Thursday, February 26, 2015

GMO apples and potatoes coming to a store near you!

If you like apples as much as I do, you will want to know this!

Very recently, the United States Department of Agriculture (USDA) approved the commercial planting of genetically engineered apples that are resistant to turning brown when sliced or bruised.

This is the first GMO apple to be approved. The apple will join several other genetically modified fruits and vegetables already approved including papaya, corn, potatoes and soy beans.

The so-called 'Arctic' apples, available in only the Granny Smith and Golden Delicious varieties at this time, are genetically engineered in a way to suppress the production of an enzyme that causes browning when cells in the apple are injured, from slicing, for example.

The apples are genetically altered by manipulating the apple's own genes rather than adding genes from another species into the apple's DNA, which is how most GMO crops are altered.

Under the law, approval for GMO fruits, vegetables and even meats is based on whether a genetically modified crop (or animal) poses a threat to another plant or animal. The USDA determined that the apples posed no such risk, which is why it was approved.

Within the approval process there is no basis for consideration of whether the genetic alteration of the plant or animal poses a health risk to humans or other animals. In Europe and the US there are some studies that have been done that have shown health risks, including infertility, changes/damage to organs in tested animals and more.

I'm not a potato eater, but another significant event you should know November 2014, the USDA approved a genetically engineered potato developed by the J.R. Simplot Company that uses a similar technique that alters the potato’s DNA to create less of a chemical called acrylamide, which is suspected of causing cancer in people. This chemical is produced when the potato is fried or baked at high temperatures. The potato is also modified to aid the potato in resisting bruising which creates waste in the food industry.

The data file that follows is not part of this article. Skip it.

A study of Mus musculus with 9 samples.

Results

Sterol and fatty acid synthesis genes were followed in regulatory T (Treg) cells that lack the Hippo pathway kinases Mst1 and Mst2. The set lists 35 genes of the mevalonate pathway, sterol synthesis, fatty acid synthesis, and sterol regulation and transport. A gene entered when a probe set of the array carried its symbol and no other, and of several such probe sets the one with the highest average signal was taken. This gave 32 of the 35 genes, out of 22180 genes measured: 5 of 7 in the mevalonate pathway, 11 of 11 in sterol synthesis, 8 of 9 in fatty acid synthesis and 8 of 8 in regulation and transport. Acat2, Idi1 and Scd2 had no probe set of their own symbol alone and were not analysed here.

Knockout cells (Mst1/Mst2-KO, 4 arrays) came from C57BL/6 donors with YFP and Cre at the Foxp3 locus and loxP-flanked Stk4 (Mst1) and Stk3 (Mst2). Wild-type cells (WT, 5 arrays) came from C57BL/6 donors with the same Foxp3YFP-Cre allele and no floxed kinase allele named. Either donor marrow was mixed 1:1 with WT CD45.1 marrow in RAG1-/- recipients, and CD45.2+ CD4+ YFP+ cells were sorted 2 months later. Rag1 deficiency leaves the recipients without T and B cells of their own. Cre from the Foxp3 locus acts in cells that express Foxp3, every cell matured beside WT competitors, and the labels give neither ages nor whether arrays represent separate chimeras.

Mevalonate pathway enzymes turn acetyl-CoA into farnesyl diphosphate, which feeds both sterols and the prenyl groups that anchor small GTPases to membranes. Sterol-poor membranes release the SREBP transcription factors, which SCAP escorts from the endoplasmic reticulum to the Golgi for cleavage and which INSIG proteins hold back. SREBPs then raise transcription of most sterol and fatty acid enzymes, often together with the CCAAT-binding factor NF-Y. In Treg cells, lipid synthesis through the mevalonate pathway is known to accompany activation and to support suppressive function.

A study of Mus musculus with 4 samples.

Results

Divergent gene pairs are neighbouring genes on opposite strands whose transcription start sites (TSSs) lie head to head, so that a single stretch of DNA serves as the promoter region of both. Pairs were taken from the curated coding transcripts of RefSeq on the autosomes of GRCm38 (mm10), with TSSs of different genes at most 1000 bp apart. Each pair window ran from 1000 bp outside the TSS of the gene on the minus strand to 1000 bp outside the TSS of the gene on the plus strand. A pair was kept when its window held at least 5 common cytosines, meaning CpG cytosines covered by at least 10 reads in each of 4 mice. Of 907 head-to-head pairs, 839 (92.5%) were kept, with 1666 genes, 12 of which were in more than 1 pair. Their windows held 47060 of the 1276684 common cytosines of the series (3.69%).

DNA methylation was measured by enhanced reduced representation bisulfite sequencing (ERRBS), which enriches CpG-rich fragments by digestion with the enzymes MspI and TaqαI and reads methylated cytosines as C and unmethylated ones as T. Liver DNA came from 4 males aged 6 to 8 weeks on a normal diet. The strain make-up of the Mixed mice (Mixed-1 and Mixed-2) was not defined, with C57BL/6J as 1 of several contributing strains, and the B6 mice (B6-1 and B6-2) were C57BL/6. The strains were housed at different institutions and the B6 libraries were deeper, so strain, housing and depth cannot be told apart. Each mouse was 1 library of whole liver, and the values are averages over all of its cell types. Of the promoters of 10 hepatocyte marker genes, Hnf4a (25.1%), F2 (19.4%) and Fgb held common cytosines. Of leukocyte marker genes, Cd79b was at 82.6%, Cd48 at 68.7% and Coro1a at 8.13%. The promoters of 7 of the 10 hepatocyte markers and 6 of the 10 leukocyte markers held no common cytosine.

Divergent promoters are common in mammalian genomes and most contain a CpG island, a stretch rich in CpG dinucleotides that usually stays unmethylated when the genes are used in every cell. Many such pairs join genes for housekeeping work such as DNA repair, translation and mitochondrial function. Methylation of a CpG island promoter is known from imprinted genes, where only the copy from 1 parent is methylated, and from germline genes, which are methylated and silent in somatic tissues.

It will take a few years for 'Arctic' apples to be widely available because trees have to first be planted and then become mature enough to produce fruit. By 2016 approximately 5-10,000 lbs of apples are expected to be ready to provide samples to potential buyers with the product expected in the stores in small quantities in 2017.

Right now there are no plans to label the apples as altered, although they will be called 'Arctic' apples. Currently, three US states require GMO labeling. Connecticut and Maine have both passed such laws, but they contain provisions that state the labeling can't be implemented unless several other states approve similar labeling laws. Vermont, however, has passed a labeling law that will go into affect in November 2016.

As we've discussed before, many pet food manufacturers source their meats from a wide variety of farms across the country, with many of them sourcing from factory farms. The main feed for cows and chickens in non-organic factory farms is corn and soy. In the US, 90% of the corn and soy grown is genetically modified..

What this means is that through the food chain, unless your dog is eating an organic source of kibble or raw meat, they are effected by GMO's in their food, which is passed on through the meat source, i.e., cow, chicken, pork and other highly utilized meat source.

Read more about the potential health risks of GMO's.

What can you do? 

Stick with organic, or a food for your dog that contains meats, fruits and vegetables that aren't sourced from factory farms that feed the meat sources with GMO corn and soy.

And, we always recommend if you feed snacks like apples to your dog, go organic to avoid GMO's, pesticides, insecticides and more.

NY Times
NY Times

1 comment:

  1. Labeling is a must whethere any food like apple comes from GMO or non-GMO. Besides, there are some studies that have been done that have shown health risks, including infertility, changes/damage to organs in tested animals and more in Europe and the US. Extensive research is needed for GMO.